Dear Grandparenting: Look at her now! See how my granddaughter has grown! Let’s just say Dina is full-figured, especially on top. She started up wearing tight fitting things like tube tops, the better to show off what she’s got.
Who wants to be average when you can really stand out? Dina got her Mom to cough up $3,500 for breast augmentation surgery right after her 16th birthday. It wasn’t a tough sell. Momma had hers done after she divorced my son.
Now Dina won’t leave the house without putting on a ton of make-up. Her hair has to be perfect. I’m at a loss for what to say and pretend not to notice when I see her.
She looks like a cheap date. The good news is it costs a lot less to remove those implants. Don’t you agree she’s too young for this nonsense? Ellen Roark, Richmond, Virgina
Dear Lois: An epidemic of ugliness must be upon America’s granddaughters, because so very many — 78% of 17-year-olds according to one study — are convinced they aren’t nearly pretty enough.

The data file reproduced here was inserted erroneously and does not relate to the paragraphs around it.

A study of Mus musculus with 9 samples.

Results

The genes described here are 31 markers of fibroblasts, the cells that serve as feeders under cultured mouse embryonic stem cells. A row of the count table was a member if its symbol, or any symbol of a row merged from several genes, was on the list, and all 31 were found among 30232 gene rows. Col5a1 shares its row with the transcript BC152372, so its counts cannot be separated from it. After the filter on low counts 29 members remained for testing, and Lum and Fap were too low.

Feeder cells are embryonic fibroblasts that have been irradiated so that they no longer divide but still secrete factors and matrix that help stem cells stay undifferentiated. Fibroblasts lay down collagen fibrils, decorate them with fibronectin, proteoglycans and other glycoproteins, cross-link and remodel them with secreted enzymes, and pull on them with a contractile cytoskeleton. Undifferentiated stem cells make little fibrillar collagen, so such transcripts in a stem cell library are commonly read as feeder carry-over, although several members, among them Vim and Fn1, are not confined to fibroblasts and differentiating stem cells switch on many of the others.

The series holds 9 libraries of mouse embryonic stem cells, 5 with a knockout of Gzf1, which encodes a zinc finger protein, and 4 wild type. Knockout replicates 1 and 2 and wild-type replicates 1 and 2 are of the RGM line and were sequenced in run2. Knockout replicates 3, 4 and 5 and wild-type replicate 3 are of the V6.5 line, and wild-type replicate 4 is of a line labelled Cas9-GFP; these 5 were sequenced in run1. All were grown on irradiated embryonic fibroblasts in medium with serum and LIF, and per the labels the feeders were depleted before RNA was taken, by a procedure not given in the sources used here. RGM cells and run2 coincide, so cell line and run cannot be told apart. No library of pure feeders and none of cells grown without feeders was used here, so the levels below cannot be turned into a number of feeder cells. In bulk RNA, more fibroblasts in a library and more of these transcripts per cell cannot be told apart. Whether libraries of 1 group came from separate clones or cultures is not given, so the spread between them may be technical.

Numerous national surveys report the same findings. It’s not just the economy or terrorism that keeps these young girls awake at night. A bad self-image is the problem.
A little nip and tuck is often the solution of choice. Cosmetic surgeries most frequently performed on America’s youth include breast augmentation, breast reduction (for both sexes), rhinoplasty (nose job), otoplasty (flattening back protruding ears), along with tummy tucks and liposuction to remove fatty tissue.
Except in cases of disfigurement, many medical professionals advise youth to hold off on elective surgeries. But waiting isn’t on the agenda of a generation of grandchildren raised in an age of instant gratification, a generation oft-labeled the most narcissistic and entitled ever. In plastic surgery they believe.
Grand remark of the week
Lefty Miller from Marshall, Michigan likes to think he is “battle tested. The twins are five. I have discovered a new extreme workout routine. It’s called grandparenting.”
Dee and Tom, married more than 50 years, have eight grandchildren. Together with Key, they welcome questions, suggestions and Grand Remarks of the Week. Send to P.O. Box 27454, Towson, MD, 21285. Call 410-963-4426.